More students continue to enroll at Ivy Tech Community College in Franklin, and the school is planning a $2 million project to build new science labs, classrooms and offices.
Enrollment at the Franklin learning center has grown by 50 percent since 2008, making it one of Ivy Tech’s fastest-growing campuses statewide. The Columbus region, which includes Franklin, is growing the fastest in central Indiana. The growth has college officials considering expansions.
Franklin’s center has added two degree programs this year in criminal justice and information technology in response to growing enrollment. An expansion also is planned to start within two years to add two science labs, classrooms, office space and a student library in space not currently being used, Franklin campus executive director Tina Gross said.
The Franklin center is located in a former warehouse on the city’s east side near Interstate 65 and currently is using about 21,000 square feet of the 33,000-square-foot building. The expansion would fill the rest of the building by renovating the empty space on the east side of the center, which is being used for storage. That project is estimated to cost about $2 million, and the college likely will use funds from private fundraising to pay for the construction, Gross said.
The statewide college system is facing a funding shortfall of about $68 million that is preventing the hiring of more full-time staff and counselors systemwide, Ivy Tech spokesman Jeff Fanter said. Officials are looking for ways to reduce spending and are considering cuts, including closing up to 20 centers. But the Franklin learning center is not facing significant changes due to its rapid growth, he said.
One of the main goals of the planned project in Franklin would be to add two science labs, which would allow more students to take science courses in Franklin, Gross said.
Currently, students enrolled in science courses attend class at Franklin Community High School, but only at certain times during the day and night. And since science credits are required for several Ivy Tech programs, some students have to travel to Indianapolis or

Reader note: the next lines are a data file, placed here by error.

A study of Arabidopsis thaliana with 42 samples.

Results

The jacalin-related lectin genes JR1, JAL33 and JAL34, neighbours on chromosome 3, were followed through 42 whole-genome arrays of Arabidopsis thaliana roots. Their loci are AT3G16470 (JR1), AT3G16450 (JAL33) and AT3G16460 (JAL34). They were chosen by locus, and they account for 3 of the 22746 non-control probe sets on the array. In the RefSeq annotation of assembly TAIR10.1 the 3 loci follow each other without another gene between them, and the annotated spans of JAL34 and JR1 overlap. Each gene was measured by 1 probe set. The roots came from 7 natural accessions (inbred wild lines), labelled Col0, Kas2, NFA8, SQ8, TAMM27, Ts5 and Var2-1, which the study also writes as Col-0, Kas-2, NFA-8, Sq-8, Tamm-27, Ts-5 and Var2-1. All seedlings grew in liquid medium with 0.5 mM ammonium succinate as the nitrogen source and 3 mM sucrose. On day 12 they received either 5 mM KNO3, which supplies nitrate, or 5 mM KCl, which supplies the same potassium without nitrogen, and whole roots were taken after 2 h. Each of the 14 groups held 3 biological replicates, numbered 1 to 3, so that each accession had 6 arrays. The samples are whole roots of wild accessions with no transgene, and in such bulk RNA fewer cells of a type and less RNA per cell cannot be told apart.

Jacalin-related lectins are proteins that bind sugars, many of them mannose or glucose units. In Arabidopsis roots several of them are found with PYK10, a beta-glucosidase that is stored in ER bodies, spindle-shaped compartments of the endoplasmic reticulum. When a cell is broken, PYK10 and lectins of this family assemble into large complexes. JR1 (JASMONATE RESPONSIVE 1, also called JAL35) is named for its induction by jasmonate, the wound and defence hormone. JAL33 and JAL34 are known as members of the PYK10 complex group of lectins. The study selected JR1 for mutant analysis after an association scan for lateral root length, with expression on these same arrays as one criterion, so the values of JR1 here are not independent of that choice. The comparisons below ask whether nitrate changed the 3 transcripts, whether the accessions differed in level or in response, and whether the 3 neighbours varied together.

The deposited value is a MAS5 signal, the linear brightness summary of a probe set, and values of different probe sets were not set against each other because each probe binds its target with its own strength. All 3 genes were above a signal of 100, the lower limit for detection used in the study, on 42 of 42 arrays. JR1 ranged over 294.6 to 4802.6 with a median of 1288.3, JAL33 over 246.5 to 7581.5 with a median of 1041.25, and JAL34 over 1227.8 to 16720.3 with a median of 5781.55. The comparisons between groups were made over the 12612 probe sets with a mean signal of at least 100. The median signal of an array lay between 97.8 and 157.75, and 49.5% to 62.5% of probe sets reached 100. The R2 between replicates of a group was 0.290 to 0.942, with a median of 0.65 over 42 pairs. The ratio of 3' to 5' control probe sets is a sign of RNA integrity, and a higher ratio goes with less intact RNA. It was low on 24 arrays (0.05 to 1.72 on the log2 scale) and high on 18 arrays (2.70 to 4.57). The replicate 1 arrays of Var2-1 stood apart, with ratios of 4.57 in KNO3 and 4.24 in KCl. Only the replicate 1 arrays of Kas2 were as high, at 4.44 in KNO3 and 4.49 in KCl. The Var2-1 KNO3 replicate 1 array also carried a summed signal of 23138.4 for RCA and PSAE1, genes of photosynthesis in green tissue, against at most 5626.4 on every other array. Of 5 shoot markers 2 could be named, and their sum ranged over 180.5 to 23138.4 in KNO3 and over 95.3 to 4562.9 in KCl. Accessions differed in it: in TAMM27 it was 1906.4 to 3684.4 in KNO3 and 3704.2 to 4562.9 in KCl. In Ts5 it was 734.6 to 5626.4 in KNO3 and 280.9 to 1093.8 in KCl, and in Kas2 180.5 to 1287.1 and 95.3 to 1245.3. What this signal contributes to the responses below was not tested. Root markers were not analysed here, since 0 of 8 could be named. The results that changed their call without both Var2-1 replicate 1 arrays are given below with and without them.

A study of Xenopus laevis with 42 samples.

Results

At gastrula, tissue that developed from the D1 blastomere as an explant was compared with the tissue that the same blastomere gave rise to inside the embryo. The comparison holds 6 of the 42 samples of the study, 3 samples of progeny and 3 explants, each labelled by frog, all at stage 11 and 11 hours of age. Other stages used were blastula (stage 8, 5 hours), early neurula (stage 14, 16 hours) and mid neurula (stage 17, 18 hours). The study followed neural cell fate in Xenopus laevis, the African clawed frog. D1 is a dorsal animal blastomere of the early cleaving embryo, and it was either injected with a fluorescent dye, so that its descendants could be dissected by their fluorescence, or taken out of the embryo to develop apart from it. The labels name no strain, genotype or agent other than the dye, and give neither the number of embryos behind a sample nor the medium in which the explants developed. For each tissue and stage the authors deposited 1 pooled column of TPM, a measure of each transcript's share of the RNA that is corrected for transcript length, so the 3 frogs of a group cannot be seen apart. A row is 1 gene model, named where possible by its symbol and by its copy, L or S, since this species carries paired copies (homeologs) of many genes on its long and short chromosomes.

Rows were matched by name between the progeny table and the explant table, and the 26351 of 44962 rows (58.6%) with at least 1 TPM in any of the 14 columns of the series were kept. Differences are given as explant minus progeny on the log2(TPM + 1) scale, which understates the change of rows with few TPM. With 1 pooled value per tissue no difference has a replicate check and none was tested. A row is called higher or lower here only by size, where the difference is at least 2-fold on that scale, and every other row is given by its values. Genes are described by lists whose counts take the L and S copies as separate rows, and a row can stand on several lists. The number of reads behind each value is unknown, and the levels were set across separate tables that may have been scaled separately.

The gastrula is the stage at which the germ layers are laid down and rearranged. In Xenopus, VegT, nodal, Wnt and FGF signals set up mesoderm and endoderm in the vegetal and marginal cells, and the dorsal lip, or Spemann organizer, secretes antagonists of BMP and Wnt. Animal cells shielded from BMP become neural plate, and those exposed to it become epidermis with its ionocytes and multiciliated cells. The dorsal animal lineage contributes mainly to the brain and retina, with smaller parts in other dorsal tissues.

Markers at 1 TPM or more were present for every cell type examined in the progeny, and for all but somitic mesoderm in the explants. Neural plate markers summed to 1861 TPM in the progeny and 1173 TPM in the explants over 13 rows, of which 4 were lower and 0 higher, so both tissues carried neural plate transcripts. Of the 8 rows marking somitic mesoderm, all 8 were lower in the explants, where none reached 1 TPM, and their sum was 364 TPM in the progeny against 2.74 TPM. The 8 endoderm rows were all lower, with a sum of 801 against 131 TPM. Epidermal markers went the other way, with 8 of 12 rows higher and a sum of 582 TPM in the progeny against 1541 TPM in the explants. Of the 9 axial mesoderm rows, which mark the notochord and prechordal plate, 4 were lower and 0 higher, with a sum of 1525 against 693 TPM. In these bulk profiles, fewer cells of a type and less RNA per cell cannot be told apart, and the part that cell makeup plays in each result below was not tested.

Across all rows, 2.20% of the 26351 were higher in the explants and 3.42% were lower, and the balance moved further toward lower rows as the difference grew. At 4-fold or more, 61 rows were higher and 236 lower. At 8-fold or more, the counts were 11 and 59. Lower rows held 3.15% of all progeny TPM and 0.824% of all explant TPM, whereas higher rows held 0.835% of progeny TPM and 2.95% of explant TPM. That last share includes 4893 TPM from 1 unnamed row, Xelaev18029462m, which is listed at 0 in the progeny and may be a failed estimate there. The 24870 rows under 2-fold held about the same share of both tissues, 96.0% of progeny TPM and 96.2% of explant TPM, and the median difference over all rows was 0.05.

Columbus because local classes are full.
The project also would add about five classrooms, eight to 10 offices for staff, a library and student bookstore. Office space is also a high priority, since the college must have at least one full-time faculty member on staff for each degree offered, Gross said.
Gross wants the Franklin campus to be able to offer six more degrees in the next five years, including starting a nursing program, and will need the additional class space, she said.
Ivy Tech Franklin added the criminal justice and information technology degrees, so now the 115 students enrolled in those programs won’t have to transfer to other locations to finish their classwork.
“We feel that its very important to be able to allow a student to come here and take their full degree. A lot of students have anxiety about going to other campuses or don’t have the financial means to travel to other campuses. And we’re trying to expand the portfolio of degrees, so they can come here and stay here for two years,” she said.
If enrollment continues to climb in Franklin, the college could consider adding another building within the five-year range, prior to plans to expand to a larger campus, Ivy Tech Columbus/Franklin spokesman Randy Proffitt said. Ivy Tech spent $625,000 to purchase 27 acres of land next to the learning center earlier this year to make way for an expansion that would likely be 10 or more years away. The Franklin Development Corp., a not-for-profit organization created and funded with city tax dollars, provided a $400,000 grant for that land purchase.
Although Ivy Tech’s statewide funding is limited, the continued growth and community support in Franklin are positives that will help keep the long-term plans on the schedule, Proffitt said.
The community college’s short-term plans include adding a new building at the Columbus campus in 2015, Proffitt said.
Fall enrollment for the Columbus region increased 3 percent to 4,424 students, and the region is in need of more space for classes due to continuing growth, according to a news release.